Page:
Pharmaceuticals are recognized as an important part of modern health care. That’s why the federal and state governments spend billions every year to buy prescriptions for patients covered by Medicare and Medicaid and other government sponsored healthcare programs. It’s also an area that has been overrun by fraud on the government. Fifteen of the top twenty False Claims Act cases leading to a civil recovery for the United States involved pharmaceutical companies as defendants. Together those settlements amounted to more than $11.3 billion in civil fines. Many of the defendants with the dubious honor of making this list have paid additional amounts in other cases.
The government’s desire to provide lifesaving drugs and devices to beneficiaries of government-funded health care programs and the potential for enormous profits for the pharmaceutical companies in selling their products to these programs can lead to widespread fraud, and the damages can grow quickly.
If you believe someone has engaged in Pharmaceutical fraud and you would like to learn more about or would like to bring a whistleblower lawsuit, the qui tam lawyers at Keller Grover LLP can help you. These whistleblower lawyers understand qui tam litigation, including the whistleblower protection provisions, and strive to achieve the best possible results for their clients.
Though there is no set formula for how pharmaceutical fraud may occur, the schemes which have led to the largest settlements include the following unlawful practices:
Under both federal and state laws, every health care provider who provides goods or services to a government-funded health care program is prohibited from giving, accepting, soliciting or arranging items of value in any form (gifts, certain discounts, cross-referrals between parties), either directly or indirectly for the purpose of inducing or rewarding another party for referrals of services paid for by those government programs.
Once a drug or medical device is FDA-approved, the drug manufacturer may only market or promote its product for the approved use. If a company markets for a different use, “off-label,” and engages in interstate commerce for that unapproved use, the drug is “misbranded.” The marketing of misbranded products has taken many forms, from brochures touting bogus therapies, to kickbacks to pharmacies, and speaking fees to doctors. Despite billions in recovery against an array of pharmaceutical companies, new cases involving new drugs are still routinely exposed.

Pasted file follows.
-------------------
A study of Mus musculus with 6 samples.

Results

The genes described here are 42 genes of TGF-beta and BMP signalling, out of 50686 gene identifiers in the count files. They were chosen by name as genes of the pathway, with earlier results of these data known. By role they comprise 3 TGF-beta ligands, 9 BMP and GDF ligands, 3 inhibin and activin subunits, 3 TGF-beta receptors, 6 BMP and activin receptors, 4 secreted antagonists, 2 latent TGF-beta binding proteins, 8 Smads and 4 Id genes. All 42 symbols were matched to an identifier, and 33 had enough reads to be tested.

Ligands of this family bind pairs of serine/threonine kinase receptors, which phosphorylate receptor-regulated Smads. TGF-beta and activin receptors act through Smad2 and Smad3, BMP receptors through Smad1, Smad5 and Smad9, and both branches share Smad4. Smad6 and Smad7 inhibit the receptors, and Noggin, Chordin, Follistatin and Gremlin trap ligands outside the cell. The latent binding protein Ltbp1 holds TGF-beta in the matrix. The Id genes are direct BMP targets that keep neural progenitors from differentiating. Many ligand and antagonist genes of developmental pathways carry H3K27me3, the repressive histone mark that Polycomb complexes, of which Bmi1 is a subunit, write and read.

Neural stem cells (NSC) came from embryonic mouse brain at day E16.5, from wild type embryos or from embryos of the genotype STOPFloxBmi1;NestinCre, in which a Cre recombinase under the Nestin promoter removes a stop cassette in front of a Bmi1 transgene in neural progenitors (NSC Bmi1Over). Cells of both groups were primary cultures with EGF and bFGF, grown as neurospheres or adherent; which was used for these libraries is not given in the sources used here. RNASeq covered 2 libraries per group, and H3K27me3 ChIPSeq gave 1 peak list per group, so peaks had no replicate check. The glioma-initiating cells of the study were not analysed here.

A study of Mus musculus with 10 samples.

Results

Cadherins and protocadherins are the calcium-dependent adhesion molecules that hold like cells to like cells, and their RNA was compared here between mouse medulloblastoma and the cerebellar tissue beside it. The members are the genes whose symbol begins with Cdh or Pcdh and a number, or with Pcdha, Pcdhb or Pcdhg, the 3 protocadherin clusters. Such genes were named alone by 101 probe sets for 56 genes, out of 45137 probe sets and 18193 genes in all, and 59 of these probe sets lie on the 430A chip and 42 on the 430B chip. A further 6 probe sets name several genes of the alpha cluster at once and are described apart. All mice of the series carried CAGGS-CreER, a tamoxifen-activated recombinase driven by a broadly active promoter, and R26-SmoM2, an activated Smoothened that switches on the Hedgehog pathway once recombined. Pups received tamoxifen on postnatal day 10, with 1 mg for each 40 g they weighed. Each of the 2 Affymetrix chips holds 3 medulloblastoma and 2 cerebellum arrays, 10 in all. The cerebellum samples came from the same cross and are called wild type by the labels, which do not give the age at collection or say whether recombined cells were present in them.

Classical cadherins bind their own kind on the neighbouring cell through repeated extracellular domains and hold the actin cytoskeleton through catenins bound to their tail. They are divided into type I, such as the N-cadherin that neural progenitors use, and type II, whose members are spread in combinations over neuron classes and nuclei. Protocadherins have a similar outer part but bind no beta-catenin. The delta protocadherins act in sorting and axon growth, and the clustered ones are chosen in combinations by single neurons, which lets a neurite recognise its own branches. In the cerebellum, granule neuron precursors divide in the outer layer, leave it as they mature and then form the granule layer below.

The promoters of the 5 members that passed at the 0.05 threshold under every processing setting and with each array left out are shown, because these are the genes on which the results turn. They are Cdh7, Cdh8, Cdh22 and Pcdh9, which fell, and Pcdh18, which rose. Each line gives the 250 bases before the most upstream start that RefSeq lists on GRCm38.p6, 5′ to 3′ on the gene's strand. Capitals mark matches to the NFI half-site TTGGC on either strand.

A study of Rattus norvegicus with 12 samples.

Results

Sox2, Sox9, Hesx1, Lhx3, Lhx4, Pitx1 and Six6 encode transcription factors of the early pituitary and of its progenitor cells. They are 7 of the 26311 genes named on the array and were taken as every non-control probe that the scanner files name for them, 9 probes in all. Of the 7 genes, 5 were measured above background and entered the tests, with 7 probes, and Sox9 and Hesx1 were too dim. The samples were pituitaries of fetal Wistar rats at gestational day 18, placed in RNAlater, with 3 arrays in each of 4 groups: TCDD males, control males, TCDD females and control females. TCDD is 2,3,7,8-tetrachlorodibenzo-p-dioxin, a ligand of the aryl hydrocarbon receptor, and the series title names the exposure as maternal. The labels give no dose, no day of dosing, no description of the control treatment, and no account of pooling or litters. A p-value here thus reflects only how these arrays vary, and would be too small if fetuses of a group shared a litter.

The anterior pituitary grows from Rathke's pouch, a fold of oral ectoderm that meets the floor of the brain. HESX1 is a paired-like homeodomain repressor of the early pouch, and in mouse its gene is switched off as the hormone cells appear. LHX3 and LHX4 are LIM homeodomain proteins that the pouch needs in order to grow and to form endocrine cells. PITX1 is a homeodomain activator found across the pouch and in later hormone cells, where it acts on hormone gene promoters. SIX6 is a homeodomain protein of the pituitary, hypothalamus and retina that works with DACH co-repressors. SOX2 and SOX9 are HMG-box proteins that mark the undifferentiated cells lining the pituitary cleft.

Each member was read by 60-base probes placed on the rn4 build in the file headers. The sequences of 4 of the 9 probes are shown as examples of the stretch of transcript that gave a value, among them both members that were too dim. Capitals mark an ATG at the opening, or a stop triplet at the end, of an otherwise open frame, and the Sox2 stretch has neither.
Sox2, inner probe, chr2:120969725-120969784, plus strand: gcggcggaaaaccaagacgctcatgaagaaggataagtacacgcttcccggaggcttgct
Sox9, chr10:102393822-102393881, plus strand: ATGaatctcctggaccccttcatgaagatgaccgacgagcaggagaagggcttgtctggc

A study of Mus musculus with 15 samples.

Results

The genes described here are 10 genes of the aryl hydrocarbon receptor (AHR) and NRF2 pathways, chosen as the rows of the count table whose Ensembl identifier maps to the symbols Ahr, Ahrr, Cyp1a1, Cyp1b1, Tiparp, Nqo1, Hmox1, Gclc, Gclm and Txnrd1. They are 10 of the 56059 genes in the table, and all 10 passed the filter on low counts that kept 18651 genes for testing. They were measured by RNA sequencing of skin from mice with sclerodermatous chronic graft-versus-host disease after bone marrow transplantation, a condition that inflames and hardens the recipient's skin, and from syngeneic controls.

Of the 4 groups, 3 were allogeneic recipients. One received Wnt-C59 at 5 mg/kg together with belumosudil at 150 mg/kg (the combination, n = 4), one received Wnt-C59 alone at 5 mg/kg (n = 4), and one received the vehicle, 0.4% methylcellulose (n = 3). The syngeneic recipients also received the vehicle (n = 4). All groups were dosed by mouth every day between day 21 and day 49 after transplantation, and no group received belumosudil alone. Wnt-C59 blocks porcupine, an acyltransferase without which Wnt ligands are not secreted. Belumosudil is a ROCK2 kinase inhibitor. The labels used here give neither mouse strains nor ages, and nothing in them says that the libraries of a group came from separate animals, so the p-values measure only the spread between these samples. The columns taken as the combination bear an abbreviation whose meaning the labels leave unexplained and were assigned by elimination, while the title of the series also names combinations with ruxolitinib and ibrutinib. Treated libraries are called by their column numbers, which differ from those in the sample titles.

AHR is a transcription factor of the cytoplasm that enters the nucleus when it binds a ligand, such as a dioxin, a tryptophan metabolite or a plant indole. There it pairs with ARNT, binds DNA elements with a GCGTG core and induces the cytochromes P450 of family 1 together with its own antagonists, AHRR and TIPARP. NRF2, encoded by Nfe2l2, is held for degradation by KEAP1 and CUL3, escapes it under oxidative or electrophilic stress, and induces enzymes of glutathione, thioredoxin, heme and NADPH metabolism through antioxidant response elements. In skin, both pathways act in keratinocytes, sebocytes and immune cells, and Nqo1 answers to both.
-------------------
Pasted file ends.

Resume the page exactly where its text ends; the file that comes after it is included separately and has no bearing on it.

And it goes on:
Most people recognize that it’s cheaper to buy in quantity. The same is true for the United States government in buying pharmaceutical products. It buys massive quantities of these products consistently every year. In exchange for that volume of sales, it insists that it be given the Best Price available on the market. Sometimes, however, a pharmaceutical company may deprive the government of this arrangement in order to entice a private purchaser with a better, lower price than even the government gets. However, the pharmaceutical is able to offer those products at such low prices because it knows it has the steady stream of volume and profits from government sales. When a pharmaceutical company intentionally manipulates pricing in this way, it is committing a fraud on the government.
Manipulation of AWP emerged as a common type of fraud when pharmaceutical manufacturers realized they could financially induce those entities responsible for actually dispensing the prescriptions to consumers to sell more of their products if they could find a way for their products to return a greater profit margin. The pharmaceutical manufacturers accomplished this by artificially increasing the AWP and thereby increasing the spread between the WAC and AWP. With a bigger spread the manufacturer could then promote the fact that the product would return a bigger profit for the seller. The scheme became known as “marketing the spread.”
There are roughly fifty PBM who do business in the United States, but most of these entities are small. The industry is dominated by three companies, Caremark Rx, Inc., Medco Health Solutions, Inc., and Express Scripts, Inc.PBM fraud occurs when these entities induce pharmacies or medical providers to switch from cheaper drugs, like generics, to more expensive drugs or formulary.
Medicare Part D
Another emerging area of pharmaceutical fraud involves Medicare Part D which was enacted as part of the Medicare Modernization Act of 2003 and went into effect on January 1, 2006. As of 2012, there were more than 31 million program beneficiaries enrolled in Part D. As the single largest expansion in Medicare coverage since its enactment, experts are just now understanding how these benefits are being improperly manipulated in order to defraud the government.